Economics of media

[The value you as an average American TV consumer represent - from the posts mentioned below]

Advergirl has written a series of short, provocative posts about Media in Crisis that I think you should probably go and read.

She's nailing something that we all know but perhaps like to ignore - the economic model that underlies the media industry is, to put it kindly, in flux.

As I pointed out in Content Republic, the binary opposition model of content monetization, ad supported or paid for, probably doesn't cover the entire possible gamut of commercially motivating models for the creation of content, but that said, most existing media owners have yet to truly explore significant alternatives.

This is possibly in part legacy thinking - content on broadcast commercial media was originally created by advertisers for the sole purpose of aggregating the right audiences to sell certain products to.

Content and commerce divided, for economics reasons, and since then the content creators and media channel owners have aggregated attention and then sold that on to advertisers.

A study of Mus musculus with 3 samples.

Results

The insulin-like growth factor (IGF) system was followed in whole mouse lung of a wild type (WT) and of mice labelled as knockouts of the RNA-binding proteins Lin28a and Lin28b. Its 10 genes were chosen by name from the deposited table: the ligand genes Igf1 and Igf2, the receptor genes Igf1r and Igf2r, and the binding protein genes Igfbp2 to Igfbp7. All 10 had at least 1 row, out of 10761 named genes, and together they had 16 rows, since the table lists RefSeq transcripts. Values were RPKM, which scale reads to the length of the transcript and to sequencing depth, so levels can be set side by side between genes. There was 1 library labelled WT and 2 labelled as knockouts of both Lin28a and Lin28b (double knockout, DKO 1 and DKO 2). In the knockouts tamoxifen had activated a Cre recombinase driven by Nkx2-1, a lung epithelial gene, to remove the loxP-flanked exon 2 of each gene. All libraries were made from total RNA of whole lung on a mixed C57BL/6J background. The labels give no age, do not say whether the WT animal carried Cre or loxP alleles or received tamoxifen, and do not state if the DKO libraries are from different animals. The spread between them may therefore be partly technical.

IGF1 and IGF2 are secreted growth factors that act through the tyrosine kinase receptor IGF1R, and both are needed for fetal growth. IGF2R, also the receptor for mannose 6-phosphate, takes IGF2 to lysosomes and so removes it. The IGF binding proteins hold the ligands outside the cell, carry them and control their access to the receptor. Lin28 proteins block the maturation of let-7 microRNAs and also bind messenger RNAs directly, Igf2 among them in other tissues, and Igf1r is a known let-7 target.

A model which is clearly breaking down, for lots of reasons I've been talking about recently, to do with the end of media and content scarcity, the competition for attention that personal content from your friends constitutes, who are mostly creating stuff for 'free', and other drivers brought about by that thing we like to call 'digital'.

I was talking about this kind of thing at the Atomic Conference in Toronto last week and there were clearly two kinds of reactions to this change.

Those that accept change as already evident and embrace it, and those that said, well, 'digital' is just another channel to pump brands through and things are basically the same really, aren't they.

No, it isn't, and no, they're not.

Although change is neither as fast nor as slow as either group want to believe, I suspect.

Remarkably, this was on the very day that Canada's largest media conglomerate, Canwest, declared bankruptcy - if that isn't an indicator that media economics might need re-thinking I'm not sure what it.

Advergirl's excellent posts are below:

The Media Crisis: Part 1, Overview of an Implosion

The Media Crisis, Part 2: Publishers and Creators (working for scratch)

The Media Crisis, Part 3: Advertisers (looking for their lost sheep)

The Media Crisis, Part 4: Consumers (will people buy their eyeballs back?)